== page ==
Short Circuit: A Guide to the Art of the Short Story by Vanessa Gebbie

Short Circuit by Vanessa Gebbie

A lot of books about the art and craft of writing have very uninspiring covers. From bearded academics to meaningless out of focus shots. This cover makes a refreshing change. At first glance if it just a head with cogs grinding away. The more you look at it the more symbolism pops out of you. It helps that this is a nice sized book that really shows off the cover art.

I love short stories. A great one is a perfectly formed effortless read. They look so simple, so easy. Surely anybody could write a decent one with a minimum of effort. It turned out that writing short fiction that flows is a damn sight harder than it looks. This was the position from which I bought this book.

First things first. This book is not going to explicitly state a definitive way to do anything. You will not become a best selling author just from reading this book. What this book does give you are some extra tools. One of the key lessons that gets repeated is that reading is key. Targeted reading if possible. Each contributor to this book has put a selection of their favourite short stories at the end.  I have put together a list based on recommendations in this book for further reading. That was instant win for me.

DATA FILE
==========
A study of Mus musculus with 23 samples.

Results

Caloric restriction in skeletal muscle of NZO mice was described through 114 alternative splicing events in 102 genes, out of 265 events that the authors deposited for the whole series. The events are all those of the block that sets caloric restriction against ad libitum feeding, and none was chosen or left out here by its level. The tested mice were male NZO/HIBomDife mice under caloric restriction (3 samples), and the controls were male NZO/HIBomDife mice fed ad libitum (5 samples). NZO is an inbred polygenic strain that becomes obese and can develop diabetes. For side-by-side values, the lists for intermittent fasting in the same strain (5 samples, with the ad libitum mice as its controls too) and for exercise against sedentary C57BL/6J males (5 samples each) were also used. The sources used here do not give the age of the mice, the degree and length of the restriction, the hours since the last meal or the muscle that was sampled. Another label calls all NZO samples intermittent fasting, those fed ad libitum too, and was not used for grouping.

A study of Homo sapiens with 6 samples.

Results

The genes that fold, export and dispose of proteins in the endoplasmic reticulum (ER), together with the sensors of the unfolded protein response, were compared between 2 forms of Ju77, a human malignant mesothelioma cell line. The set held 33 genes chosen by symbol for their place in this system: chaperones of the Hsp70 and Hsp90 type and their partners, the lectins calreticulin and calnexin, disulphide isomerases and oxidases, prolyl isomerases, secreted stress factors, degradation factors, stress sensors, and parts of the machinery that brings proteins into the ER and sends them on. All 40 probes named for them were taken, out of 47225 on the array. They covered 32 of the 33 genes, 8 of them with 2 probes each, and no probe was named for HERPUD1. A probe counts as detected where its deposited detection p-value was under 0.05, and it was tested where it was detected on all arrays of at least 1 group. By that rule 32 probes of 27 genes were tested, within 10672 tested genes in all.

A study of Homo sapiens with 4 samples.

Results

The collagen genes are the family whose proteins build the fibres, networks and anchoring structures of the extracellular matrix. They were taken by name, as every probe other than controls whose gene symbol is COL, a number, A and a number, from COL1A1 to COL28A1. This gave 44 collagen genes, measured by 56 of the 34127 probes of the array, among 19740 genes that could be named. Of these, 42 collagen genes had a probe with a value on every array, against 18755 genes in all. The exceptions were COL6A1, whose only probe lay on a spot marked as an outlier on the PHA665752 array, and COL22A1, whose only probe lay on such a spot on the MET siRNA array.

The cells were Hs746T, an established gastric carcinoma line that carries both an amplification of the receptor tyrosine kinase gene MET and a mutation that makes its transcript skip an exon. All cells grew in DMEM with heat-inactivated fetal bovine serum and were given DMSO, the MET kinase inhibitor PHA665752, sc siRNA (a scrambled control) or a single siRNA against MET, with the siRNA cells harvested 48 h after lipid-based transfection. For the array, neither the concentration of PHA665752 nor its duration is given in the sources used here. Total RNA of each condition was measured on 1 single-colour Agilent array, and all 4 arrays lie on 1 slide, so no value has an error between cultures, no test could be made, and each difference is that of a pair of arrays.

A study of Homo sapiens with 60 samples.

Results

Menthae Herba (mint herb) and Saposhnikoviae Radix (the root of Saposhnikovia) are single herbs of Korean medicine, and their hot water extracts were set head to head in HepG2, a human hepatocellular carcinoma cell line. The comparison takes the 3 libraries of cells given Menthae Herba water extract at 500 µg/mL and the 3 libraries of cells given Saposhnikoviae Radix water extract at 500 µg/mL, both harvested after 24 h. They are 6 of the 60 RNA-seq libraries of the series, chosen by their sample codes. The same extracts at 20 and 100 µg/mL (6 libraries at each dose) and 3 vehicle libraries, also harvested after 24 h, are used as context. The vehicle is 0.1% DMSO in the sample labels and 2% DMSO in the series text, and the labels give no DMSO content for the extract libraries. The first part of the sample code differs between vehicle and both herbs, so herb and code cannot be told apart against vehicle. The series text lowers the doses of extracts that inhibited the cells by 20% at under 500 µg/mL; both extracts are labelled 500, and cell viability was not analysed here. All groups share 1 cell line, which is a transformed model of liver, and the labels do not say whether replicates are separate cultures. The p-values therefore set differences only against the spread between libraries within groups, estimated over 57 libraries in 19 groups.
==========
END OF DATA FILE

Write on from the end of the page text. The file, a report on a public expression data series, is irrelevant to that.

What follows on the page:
For me the structure of this book worked really well. There are discreet sections by the various contributors. Each section starts with an informative and easy to follow description that succinctly demonstrates the title of the section. Some books would stop and be happy with that, but this one goes further. At the end of each section there are exercises that help build on the points made. Some are as simple as getting you to think of a situation and twisting it in a certain direction. They are simple and yet highly effective in getting the reader to think and imagine something they had not thought of before. The bits I wasn’t so sure about I could look at the recommended list of short stories by the author of that section and get a better idea of what they were talking about.

Although I read this story from cover to cover I think the most benefit can be gained from dipping in and out of it as needed. I found this to be an inspiring read and already have post-it notes adorning several pages.